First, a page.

Las Vegas Sun

October 17, 2021

Currently: 57° — Complete forecast

Guest column:

NV Energy needs to let customers take advantage of important resource

Residential rooftop solar installers in Las Vegas are suffering whiplash! The National Clean Energy Summit convened Aug. 24 in Las Vegas and highlighted the wonderful, abundant solar resource we have and the promising future it presents. At the same time, a previously legislated cap was reached for the amount of residential NV Energy can approve. This signaled the end of residential solar installers’ businesses.

NV Energy, while promoting rooftop solar, announced that it would be 3 percent of its renewable energy portfolio. Supporters first considered that a beginning goal but then realized it was a limit on the amount of new residential rooftop solar allowed.

The Public Utilities Commission met Aug. 26 and decided that residential solar could be installed at the same rate structure until the end of 2015, when the Nevada Legislature has required that a new rate schedule be established. That very welcome decision preserved 6,000 existing local jobs.

During the summit, we heard from national renewable energy experts, policymakers, and people devoted to innovation and new technology. They described new, creative opportunities for solar energy that were, until recently, unaffordable and unimaginable. President Barack Obama pointed out to the audience what an amazing position Nevada is in: It has the most abundant amount of sun in the country coupled with a new battery research and development center. The combination of solar power generation and battery technology for energy storage is a global game changer.

My work for the past 30 years has been to keep high-level nuclear waste out of Nevada’s Yucca Mountain. I have been asked repeatedly how I thought the lights would stay on in this country without nuclear power. I told people Nevada could be a solar energy exporter, and I got smirks.

Well, here we are.

The sun is a great resource, and it is also the cause of peak power needs in the summer. We now have operating centralized solar plants. With the proper rate structure and financing, residents can purchase systems for their homes and we can vastly increase the number of solar residential rooftops. This will smooth out the very expensive peaks that used to threaten brownouts and eliminate the foreseeable need for any new, expensive generating plants.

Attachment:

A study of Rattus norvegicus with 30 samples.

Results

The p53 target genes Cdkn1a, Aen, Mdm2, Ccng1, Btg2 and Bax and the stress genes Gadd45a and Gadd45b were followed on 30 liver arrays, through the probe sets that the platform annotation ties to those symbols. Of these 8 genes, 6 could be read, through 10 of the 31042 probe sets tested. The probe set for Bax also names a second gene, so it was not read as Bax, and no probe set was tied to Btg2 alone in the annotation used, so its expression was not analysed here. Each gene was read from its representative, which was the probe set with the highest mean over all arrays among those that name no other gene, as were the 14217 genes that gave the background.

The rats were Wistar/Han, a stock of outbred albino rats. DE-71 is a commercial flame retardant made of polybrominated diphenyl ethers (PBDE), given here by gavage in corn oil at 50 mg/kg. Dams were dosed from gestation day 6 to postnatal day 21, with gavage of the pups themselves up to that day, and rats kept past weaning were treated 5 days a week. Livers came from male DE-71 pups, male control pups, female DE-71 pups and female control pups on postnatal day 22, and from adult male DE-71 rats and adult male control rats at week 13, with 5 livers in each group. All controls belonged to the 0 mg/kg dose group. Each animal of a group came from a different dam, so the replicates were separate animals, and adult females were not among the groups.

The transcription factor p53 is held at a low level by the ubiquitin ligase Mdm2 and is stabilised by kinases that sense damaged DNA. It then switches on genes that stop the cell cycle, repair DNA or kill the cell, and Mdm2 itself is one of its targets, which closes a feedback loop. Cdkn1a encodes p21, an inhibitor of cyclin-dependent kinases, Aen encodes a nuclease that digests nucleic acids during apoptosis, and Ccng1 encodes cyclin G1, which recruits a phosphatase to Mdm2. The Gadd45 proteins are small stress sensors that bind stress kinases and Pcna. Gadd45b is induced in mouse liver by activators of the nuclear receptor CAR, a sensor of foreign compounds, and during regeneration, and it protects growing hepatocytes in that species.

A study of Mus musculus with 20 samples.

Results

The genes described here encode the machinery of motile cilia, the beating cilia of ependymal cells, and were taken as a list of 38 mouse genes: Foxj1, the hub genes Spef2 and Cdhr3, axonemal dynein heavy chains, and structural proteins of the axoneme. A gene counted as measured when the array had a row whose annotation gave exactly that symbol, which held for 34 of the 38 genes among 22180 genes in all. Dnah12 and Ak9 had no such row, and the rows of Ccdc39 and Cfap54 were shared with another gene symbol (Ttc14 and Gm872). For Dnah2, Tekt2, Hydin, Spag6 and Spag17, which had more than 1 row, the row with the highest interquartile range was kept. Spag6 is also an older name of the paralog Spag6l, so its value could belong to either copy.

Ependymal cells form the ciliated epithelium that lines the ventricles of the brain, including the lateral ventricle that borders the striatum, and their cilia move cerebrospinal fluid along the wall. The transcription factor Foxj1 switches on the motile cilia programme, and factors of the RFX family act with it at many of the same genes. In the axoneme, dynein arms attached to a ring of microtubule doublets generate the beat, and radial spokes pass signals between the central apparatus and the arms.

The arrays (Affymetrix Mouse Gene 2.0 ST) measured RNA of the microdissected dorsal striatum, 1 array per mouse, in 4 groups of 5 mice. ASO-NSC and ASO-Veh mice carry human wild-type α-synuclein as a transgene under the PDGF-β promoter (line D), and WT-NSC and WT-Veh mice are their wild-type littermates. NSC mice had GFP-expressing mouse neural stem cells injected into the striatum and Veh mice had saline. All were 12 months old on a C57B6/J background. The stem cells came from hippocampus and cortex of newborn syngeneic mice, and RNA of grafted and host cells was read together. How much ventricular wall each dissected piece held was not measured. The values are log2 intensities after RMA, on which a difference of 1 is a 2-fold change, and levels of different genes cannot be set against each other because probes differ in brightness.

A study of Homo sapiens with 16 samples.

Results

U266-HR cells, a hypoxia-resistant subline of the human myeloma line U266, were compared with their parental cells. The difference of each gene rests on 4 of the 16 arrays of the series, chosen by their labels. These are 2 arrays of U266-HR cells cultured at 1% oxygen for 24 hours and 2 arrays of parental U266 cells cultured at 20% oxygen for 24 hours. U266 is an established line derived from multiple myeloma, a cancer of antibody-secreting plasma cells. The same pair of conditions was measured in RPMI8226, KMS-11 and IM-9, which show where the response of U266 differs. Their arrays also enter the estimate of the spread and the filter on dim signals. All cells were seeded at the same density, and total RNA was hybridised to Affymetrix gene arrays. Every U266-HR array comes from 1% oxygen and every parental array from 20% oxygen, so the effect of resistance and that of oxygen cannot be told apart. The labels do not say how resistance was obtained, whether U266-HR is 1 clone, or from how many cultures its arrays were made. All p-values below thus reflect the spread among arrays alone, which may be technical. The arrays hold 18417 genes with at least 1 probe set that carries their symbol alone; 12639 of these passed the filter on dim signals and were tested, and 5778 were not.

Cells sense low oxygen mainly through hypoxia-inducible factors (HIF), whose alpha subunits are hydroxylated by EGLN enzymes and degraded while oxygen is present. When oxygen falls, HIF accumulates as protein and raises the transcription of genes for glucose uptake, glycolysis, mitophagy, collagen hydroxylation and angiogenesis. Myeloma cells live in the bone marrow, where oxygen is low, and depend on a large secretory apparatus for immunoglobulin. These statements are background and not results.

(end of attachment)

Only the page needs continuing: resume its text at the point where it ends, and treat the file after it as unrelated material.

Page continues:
Between now and the end of the year, the Public Utilities Commission of Nevada will determine a rate structure to be applied to residential solar customers. Currently, most solar homes have net metering, which means the power they produce is credited against the power they use. If they return more than they use in a month, they get a credit and the extra power is fed to nearby homes. Their credit is saved for when they need it. If they produce less than their need, they are charged for anything over the amount of credit they have.

By Dec. 31, the PUC will determine if the net metering rate is fair for both the customers and the utility. The commission also may consider a value of solar tariff, which would set a rate for solar homeowners that reflects the utility and societal cost savings and value provided by residential rooftop solar.

To ensure the rate is fair, many factors must be considered in determining the value solar installations provide to the utility: reducing pollution, less transmission cost, no need for new power plants, maximum production during peak demand, grid resiliency and no cost for mining or disposal of waste (such as coal and nuclear), just to name a few.

We need the PUC and NV Energy to work for the ratepayers. Let’s have Nevada take and preserve the top spot on a good list: most production and use of renewable energy. My house has rooftop solar because my family wants our bills to be low when we are on a fixed income, we want to support a local industry, and we want and need to do our part for the global environment.

Judy Treichel is executive director of the Nevada Nuclear Waste Task Force and a renewable-energy advocate.